Most new entrants to wine & spirits e-commerce in the UK assume they will need a whole raft of licences in order to start selling alcohol online. The requirements are actually quite relaxed in most cases.
The Licensing Act 20031 requires premises at which the retail sale of alcohol takes place to have a premises licence. Where does a sale take place? In most face-to-face sale scenarios the answer is obvious. But what about where a contract is made online or by some other distance sale2 method?
The answer depends on where the alcohol is “appropriated to the contract”. The Act provides that where a contract for the sale of alcohol is made at one place and the alcohol is appropriated to the contract at a different place, the sale is treated as taking place at the latter. In the case of online sales, the sale contract is made by the customer confirming the order and authorising payment. Wherever that contract is made, or deemed to be made, the alcohol will usually be stored at a warehouse, from where it is selected, packed and dispatched to the buyer. Because the warehouse is the place where specific goods are allocated (“appropriated”) to the contract, the warehouse must have a premises licence. The online seller does not need one in this scenario.
Alcohol can only be sold by retail if:
(a) a Designated Premises Supervisor (DPS) has been appointed for the relevant premises; and
(b) the DPS holds a personal licence, and the sale is made or authorised by the DPS or another personal licence holder.
For an online sale, therefore, the warehouse must have a DPS and the appropriation of alcohol to the contract must be made or authorised by a personal licence holder. Again, the online seller needs no such licence in the above scenario.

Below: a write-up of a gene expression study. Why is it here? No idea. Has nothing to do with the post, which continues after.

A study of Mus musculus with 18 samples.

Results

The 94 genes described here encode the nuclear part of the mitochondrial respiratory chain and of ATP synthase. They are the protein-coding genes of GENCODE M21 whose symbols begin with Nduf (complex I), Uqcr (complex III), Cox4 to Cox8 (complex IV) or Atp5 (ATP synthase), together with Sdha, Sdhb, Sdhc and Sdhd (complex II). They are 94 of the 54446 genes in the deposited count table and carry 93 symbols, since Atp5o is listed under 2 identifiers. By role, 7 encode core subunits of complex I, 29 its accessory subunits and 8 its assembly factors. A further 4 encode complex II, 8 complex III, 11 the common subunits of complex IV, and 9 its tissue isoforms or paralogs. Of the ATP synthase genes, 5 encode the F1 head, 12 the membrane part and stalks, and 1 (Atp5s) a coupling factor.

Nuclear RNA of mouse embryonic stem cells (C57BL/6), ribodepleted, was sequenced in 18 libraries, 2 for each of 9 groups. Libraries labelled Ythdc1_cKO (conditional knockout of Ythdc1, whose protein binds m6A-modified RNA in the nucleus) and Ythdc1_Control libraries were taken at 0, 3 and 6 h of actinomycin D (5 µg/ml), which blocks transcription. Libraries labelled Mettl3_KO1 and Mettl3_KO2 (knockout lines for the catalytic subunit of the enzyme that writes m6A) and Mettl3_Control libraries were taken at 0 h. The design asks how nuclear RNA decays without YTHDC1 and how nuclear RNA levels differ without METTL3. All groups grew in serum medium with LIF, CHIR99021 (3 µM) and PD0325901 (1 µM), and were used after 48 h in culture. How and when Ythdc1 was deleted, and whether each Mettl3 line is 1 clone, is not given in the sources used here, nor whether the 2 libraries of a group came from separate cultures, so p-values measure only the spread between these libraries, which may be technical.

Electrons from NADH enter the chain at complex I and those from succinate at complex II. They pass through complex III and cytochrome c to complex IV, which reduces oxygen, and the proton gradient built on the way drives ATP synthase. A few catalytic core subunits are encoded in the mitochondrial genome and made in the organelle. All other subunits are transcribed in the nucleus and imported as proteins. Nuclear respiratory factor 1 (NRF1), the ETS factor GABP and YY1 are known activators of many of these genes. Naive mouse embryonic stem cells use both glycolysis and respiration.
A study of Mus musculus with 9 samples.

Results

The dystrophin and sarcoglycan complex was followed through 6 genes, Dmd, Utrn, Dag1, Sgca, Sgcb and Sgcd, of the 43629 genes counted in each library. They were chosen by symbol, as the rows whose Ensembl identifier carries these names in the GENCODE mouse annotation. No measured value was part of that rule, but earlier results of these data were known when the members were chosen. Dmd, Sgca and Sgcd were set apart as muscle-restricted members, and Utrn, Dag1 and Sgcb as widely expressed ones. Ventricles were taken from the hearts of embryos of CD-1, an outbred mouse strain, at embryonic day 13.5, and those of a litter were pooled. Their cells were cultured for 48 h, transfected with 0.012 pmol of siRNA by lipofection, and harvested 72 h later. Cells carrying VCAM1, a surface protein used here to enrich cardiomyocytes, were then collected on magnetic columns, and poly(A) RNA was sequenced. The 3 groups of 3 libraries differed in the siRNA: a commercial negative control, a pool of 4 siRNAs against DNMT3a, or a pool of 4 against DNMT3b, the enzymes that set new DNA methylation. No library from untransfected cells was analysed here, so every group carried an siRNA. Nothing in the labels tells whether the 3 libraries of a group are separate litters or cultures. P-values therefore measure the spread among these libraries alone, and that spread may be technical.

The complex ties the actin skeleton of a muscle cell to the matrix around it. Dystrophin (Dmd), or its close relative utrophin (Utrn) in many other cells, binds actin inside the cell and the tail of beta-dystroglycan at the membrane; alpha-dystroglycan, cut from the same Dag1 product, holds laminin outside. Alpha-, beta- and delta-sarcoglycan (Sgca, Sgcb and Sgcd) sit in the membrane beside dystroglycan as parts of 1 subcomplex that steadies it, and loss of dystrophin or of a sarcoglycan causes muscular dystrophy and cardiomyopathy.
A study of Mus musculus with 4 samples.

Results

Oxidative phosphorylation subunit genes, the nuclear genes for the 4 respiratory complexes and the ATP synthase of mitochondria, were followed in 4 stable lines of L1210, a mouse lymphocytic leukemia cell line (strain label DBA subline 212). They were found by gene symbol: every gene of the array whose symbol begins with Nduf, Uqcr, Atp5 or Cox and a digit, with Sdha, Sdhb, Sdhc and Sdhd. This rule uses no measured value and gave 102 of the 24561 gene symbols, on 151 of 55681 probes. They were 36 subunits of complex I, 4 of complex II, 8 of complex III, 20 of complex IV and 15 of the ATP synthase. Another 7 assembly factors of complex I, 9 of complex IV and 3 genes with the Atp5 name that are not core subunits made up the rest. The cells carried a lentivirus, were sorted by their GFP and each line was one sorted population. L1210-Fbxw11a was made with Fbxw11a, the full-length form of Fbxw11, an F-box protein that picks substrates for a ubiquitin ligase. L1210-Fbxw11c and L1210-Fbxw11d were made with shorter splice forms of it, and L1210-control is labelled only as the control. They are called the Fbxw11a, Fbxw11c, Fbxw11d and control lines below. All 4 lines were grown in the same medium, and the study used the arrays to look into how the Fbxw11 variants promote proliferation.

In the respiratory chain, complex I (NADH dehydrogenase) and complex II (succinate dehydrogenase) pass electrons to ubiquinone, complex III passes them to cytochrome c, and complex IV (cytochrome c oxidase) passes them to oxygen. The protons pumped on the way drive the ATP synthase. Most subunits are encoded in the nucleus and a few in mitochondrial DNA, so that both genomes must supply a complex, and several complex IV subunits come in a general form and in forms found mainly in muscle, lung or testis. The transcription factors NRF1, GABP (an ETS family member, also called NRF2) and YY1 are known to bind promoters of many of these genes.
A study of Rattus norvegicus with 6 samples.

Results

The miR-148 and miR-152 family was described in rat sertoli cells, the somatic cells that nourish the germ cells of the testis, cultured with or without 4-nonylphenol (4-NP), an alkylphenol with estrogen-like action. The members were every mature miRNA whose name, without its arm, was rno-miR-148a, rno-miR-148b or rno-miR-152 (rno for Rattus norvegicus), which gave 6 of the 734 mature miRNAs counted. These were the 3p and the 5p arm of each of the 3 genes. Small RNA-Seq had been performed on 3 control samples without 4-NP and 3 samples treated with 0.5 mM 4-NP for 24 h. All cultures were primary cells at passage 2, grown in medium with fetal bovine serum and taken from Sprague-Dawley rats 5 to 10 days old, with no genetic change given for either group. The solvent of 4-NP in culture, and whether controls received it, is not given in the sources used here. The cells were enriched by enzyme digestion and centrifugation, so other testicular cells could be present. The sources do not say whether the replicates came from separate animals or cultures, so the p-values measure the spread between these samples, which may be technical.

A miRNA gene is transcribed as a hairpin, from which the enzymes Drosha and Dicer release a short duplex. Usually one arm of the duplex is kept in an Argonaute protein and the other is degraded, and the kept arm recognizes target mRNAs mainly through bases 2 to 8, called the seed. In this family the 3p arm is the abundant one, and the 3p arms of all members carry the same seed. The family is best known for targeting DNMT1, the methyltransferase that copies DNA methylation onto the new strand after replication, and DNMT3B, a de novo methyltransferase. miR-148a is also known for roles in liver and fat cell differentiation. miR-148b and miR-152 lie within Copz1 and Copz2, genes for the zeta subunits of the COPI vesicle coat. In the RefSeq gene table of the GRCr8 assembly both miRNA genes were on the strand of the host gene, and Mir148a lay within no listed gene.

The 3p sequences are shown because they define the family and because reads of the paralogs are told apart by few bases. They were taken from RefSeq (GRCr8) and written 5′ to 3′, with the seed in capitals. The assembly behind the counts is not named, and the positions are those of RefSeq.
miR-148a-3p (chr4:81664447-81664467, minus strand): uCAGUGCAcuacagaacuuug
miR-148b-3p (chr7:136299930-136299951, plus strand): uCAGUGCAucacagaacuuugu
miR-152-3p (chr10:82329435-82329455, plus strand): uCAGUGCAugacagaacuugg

At the point of sale
It is a criminal offence to sell alcohol to an individual aged under 18. It is a defence to show that all reasonable steps were taken to verify the person’s age. Online sellers should therefore put adequate age verification measures in place. But no licence as such is required.
Premises licence holders must operate an age verification policy, which must require individuals who appear to be under 18 years of age to produce photographic identification and proof of age before being served alcohol. According to the current Home Office Guidance under the Act, alcohol sold remotely is “served” when it is delivered to the customer, so it is the responsibility of the premises licence holder to ensure that age verification takes place before delivery where required. This suggests that in our online sale scenario the warehouse cannot rely on online seller’s verification process, and must itself take steps to ensure that delivery drivers carry out age verification.
The legal basis for this seems dubious, and at odds with the fact that the Act permits alcohol to be delivered to an under 18 if delivery is made to the (adult) buyer’s home or place of work. It would be interesting to know how often, if ever, age verification on delivery actually occurs in practice.
Online sellers will not need a premises licence or a personal licence unless they operate the premises at which alcohol is appropriated to sale contracts.
- take all reasonable steps to ensure that alcohol is not sold to anyone under 18
- ensure that any warehouse or other place at which products are stored and selected for delivery to customers has the necessary licences and compliance procedures in place.
Except where otherwise stated, all information given and any legal opinions expressed on this website assume that English law applies. See Conditions of use.
1 Covers England and Wales: Scotland and Northern Ireland have their own licensing regimes, which differ in some ways.
2 Distance sales are sales to consumers which are concluded online or by mail order, phone, email or fax, i.e. where the seller and consumer are not physically together at the seller’s business premises.